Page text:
Game & Fish


Winter Range



02/01/2007 - Cold, snowy winters can put a strain on Wyoming's big game animals. But that strain is nothing compared to the lasting impacts that warm, dry winters can have. Wyoming has had too many warm, dry winters in recent years and vegetation simply does not grow without adequate moisture.

Poor vegetation production can have severe impacts on big game animals that are trying to survive on their winter ranges. Winter ranges are typically areas that are blown free of snow, allowing the animals easier access to forage. It is usually the smallest habitat area used by big game animals, but it is also the most critical because it provides the protein the animals need to get through the cold winter months.

Needless to say, the Game and Fish Department is concerned about the lack of shrub growth on winter ranges. Biologists have been monitoring the growth rate of sagebrush plants in the Bates Hole area south of Casper, an area long used by antelope as winter range. Through these studies they hope to find green, flexible stems that represent several inches of annual growth and will provide the necessary winter forage. What they've been finding is dry, stunted vegetation that has grown scarcely more than ¾ of an inch over the recent summer. This is a result of the lack of moisture and overgrazing by wildlife. The dry conditions have prevented the annual growth necessary to help these shrubs recover from grazing in previous years, and when the big game animals return looking for food they damage the already stressed plants even more. Soon little is left but stubble. These shrubs cannot stand up to this increased grazing pressure and the results are a range that is in extremely poor condition.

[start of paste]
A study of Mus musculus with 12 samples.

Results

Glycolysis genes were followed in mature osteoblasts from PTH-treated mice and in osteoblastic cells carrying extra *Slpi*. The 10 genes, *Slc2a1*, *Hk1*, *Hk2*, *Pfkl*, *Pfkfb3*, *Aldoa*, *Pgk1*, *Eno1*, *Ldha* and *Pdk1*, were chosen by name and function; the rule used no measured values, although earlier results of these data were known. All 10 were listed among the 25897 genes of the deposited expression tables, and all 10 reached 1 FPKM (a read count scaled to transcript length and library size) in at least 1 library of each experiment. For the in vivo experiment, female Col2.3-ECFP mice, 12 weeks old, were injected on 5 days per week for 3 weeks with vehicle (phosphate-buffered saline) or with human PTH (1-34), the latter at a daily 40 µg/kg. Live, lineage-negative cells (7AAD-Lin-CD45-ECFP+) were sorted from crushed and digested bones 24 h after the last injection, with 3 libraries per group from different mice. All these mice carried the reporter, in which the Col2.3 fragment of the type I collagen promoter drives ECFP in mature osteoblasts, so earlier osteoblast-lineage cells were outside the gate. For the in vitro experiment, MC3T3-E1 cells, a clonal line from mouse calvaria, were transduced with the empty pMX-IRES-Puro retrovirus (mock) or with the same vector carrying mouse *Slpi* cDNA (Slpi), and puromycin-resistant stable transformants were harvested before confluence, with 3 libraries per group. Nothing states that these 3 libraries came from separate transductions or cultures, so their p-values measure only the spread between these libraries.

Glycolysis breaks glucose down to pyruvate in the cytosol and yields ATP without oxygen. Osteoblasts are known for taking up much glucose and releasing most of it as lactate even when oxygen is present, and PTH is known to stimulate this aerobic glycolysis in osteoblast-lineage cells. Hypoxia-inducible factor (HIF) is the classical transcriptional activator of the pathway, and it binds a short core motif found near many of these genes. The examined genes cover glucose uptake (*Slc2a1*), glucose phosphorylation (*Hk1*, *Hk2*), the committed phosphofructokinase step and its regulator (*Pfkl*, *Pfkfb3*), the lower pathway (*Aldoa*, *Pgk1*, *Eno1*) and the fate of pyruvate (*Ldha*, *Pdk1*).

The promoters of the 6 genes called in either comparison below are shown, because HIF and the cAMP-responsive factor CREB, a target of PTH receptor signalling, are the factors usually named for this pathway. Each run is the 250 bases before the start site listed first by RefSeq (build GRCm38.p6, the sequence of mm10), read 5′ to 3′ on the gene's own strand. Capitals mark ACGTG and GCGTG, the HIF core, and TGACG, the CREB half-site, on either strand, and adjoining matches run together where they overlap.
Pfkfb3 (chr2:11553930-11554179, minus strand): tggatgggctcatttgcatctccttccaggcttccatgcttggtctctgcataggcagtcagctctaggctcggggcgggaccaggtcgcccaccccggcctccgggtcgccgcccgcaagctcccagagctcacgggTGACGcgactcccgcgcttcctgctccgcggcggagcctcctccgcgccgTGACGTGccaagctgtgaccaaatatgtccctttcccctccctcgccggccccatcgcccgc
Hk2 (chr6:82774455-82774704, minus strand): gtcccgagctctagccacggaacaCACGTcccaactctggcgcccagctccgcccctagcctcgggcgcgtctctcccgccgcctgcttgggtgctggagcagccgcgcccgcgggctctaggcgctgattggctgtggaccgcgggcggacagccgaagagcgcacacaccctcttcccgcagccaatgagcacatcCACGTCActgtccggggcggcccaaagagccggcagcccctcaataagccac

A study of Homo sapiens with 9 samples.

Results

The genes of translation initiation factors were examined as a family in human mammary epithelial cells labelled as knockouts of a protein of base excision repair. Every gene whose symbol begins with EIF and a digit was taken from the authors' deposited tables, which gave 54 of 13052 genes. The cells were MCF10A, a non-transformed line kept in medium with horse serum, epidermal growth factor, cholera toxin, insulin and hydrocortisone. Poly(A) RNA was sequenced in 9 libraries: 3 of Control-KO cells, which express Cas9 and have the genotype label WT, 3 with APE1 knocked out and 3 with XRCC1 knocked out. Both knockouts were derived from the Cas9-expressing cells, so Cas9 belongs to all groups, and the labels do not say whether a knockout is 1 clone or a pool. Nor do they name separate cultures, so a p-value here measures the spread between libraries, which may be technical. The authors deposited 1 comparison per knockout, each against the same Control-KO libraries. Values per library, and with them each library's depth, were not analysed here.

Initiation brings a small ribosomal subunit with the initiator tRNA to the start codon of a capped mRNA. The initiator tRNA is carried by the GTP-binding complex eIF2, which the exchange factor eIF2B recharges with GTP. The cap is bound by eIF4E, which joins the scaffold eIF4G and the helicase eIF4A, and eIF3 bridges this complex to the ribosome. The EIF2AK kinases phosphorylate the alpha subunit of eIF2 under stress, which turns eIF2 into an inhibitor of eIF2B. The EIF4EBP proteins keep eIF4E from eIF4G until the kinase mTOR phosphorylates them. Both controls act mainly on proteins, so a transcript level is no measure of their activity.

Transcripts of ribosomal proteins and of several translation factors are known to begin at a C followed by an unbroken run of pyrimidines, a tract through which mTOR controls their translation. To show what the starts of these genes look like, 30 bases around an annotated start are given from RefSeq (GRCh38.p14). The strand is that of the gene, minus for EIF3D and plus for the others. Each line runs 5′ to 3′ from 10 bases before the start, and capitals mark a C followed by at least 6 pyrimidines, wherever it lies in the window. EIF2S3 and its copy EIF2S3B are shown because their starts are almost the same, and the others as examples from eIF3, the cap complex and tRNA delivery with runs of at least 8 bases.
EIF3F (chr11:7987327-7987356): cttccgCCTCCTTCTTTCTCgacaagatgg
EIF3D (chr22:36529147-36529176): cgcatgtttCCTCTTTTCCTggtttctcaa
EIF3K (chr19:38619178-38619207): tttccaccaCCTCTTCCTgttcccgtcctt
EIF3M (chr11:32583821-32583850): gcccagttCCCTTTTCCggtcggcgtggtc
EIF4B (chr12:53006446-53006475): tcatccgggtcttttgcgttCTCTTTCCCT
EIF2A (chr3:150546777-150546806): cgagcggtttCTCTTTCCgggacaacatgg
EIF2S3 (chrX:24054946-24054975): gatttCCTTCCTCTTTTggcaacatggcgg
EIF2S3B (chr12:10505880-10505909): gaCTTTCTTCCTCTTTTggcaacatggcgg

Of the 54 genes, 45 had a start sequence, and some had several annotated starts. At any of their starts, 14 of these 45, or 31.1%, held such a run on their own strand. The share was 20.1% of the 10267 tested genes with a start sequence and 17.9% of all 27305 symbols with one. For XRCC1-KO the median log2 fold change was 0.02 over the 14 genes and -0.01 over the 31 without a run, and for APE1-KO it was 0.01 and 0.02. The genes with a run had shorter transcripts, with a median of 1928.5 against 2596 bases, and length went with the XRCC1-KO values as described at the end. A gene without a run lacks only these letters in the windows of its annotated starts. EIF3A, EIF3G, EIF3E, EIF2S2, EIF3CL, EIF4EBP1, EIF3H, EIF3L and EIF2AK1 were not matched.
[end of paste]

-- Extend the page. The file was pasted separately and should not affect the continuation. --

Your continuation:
During a drought big game animals naturally spread out more in search of food. But unfortunately all the winter ranges throughout the region are in similar condition and many game animals struggle to find enough to eat. In time, the lack of adequate forage causes decreased fawn production and ability to survive winter.

One of the biggest challenges wildlife managers face is trying to balance big game herd sizes with the availability of adequate habitat. While hunters want to see more big game animals, biologists warn against maintaining artificially high numbers on winter habitat that is unable to support them.

Many hunters question why the Game and Fish Department issues doe and fawn tags when the number of these animals is already low. But even though there are not a lot of animals out here, there are still too many. There just isn't enough food to sustain them all. So biologists want to keep big game populations from growing until there is enough healthy vegetation to support them. It is uncertain how long that could take. Once conditions get this drastic, any new precipitation goes into the ground to first replenish soil moisture and does little to help shrubs recover.

Certainly above-average snowfalls the remainder of the winter would benefit the rangeland. But severe storms could also impact the survival of many animals that have been unable to find enough food to help them survive brutal weather conditions.

The Game and Fish Department has a responsibility to be sure these animals will be here for years to come. But if the drought continues we will need to be more aware of how many animals these ranges can support. We can't expect extreme numbers of animals that would ultimately harm rangelands – the same rangelands that will need to support wildlife populations into the future.

As wildlife managers, our primary tool for controlling wildlife population numbers is hunting seasons. And when the range is in poor condition we need to harvest more animals, even does and fawns, to keep the range healthy. So when the moisture does finally come the range will still be healthy enough to recover and once again provide the forage necessary to sustain Wyoming's big game herds in abundance.